A video a made for an installation project at uni; the video was played in a chocolate-box themed room, with chocolate scent, and chocolate fondue served to participants.

The video was narrated by my Finnish friend Karoliina; I wanted to utilise a foreign accent to play off of the exotic nature of chocolate and the potential sexuality of chocolate; Chocolate is a chemical stimulant via several chemicals in its make-up, including mood enhancement and aphrodisiac qualities (the narration did original detail this but I choose to omit it in the final piece as I felt it was getting a bit too heavily weighed down with the science and didn’t want to visualise emotional change with models in the video piece - its focus was on the chocolate itself). Likewise foreign accentation is generally considered somewhat arousing (due to being different and thus interesting - and at a more scientific level indicating a distant origin and thus a greater likelihood of adding diversity to the gene pool).  

The piece begins with a list the most abundant chemicals found in the cacao bean (one of the most complex foodstuffs). The list builds to crescendos with more and more chemicals being listed to a point where they are an overwhelming mess of sounds with individual chemicals barely discernible. In the sound edit I placed the most recognisable chemicals at the beginning, so at first it could seem almost like ingredients, and would not initially alienate the viewer, with familiar names like fibre and iron. After a mildly more dramatic delivery of “fat” the more unusual chemicals kick in and the long constant barrage of chemicals begins. The section has a duel purpose, as a pure scientific information, and building up pressure for a release of excitement when the chemicals are finally announced as CHOCOLATE.   

In the background a creamy colour fades to a melted puddle which slowly coalesces into a bar of chocolate, as the words cover a lot of this it seems to appear out of nowhere. The whole sequence together is almost as if the chemicals are mixed to create the chocolate. The effect of the bar reverse melting took rather a lot of experimentation, as chocolate itself has a high surface tension so holds its former shape once melted until it is externally manipulated. To over come this the bar shown is not in fact chocolate but a milk and chocolate solution devised after numerous experiments with different combinations of chocolate and liquids to create something chocolate coloured that melts more like water ice.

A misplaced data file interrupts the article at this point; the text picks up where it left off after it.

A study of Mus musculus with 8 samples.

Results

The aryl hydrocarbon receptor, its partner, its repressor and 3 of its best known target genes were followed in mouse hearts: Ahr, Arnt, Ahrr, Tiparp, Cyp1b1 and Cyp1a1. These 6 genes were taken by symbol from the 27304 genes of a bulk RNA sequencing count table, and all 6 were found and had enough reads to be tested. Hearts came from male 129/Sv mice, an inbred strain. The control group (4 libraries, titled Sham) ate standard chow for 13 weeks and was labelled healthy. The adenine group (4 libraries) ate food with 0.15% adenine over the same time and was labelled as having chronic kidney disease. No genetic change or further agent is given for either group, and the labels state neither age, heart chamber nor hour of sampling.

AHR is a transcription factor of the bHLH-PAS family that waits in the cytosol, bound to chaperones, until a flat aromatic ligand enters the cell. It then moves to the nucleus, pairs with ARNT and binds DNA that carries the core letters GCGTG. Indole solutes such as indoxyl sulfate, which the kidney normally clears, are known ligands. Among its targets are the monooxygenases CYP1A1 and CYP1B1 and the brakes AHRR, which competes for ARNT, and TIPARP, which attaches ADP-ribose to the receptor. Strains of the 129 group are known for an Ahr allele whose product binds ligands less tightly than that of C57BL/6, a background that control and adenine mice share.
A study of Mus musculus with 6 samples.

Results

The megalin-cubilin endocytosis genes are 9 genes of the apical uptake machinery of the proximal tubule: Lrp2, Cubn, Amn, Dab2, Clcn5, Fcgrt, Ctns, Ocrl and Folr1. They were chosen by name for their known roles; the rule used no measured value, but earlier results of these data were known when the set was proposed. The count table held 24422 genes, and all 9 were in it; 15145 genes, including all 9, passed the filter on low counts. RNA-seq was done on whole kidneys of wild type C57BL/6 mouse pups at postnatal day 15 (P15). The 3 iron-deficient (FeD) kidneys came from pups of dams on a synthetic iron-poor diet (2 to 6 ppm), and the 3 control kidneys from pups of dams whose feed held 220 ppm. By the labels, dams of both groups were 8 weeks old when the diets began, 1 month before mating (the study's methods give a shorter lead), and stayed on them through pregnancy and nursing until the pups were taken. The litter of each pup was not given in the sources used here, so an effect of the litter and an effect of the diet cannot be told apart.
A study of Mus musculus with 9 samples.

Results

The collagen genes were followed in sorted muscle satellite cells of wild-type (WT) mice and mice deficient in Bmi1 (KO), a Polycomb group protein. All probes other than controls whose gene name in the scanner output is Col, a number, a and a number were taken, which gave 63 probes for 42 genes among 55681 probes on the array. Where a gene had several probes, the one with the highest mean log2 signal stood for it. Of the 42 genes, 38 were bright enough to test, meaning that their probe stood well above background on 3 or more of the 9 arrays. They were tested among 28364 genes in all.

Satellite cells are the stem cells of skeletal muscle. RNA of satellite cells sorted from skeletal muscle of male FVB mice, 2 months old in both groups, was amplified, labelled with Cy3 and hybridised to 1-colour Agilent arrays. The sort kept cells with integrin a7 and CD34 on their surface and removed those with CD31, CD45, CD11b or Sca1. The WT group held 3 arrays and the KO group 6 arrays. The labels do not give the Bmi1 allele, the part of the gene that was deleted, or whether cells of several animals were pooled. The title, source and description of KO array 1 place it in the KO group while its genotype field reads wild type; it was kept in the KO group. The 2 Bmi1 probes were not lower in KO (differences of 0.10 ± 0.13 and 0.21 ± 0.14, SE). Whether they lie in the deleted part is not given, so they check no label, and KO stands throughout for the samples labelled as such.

The second half of the piece is a quasi-poetic exploration of chocolate as food; the many varieties and combinations with other foods it can be delivered in, and a very loose explanation of how the cacao bean is processed into chocolate - hopefully enough to inform without returning to the over-science of the first half.

The setting of the installation was designed to be totally immersive. The audience entered directly onto the seating area through a small opening in the back corner to find themselves amongst an explosion of paper, card, foil and chocolatey tones. To achieve this I used a large bookcase as a base for the chocolate box, creating covers for  each of the squares to represent chocolates in the box (or empty slots where chocolates were if the viewer chooses to interpret it that way). From there I sent out streams of paper (along one wall, and forming another temporary wall to enclose the space), as if the wrapping of the box had been unfurled towards the viewer, and then used sections of cardboard to cover up anything also in the room and make the environment complete.

To complete the room it was scented, with a combination of melted chocolate (in the bowls atop the screen) which was agitated repeatedly in the period prior to audience admission to make it’s scent spread into the room. And a liberal sprinkling of chocolate scented oil throughout the room, which created a powerful chocolate like smell.

All content © James Grigg, 1992-2020, unless otherwise noted.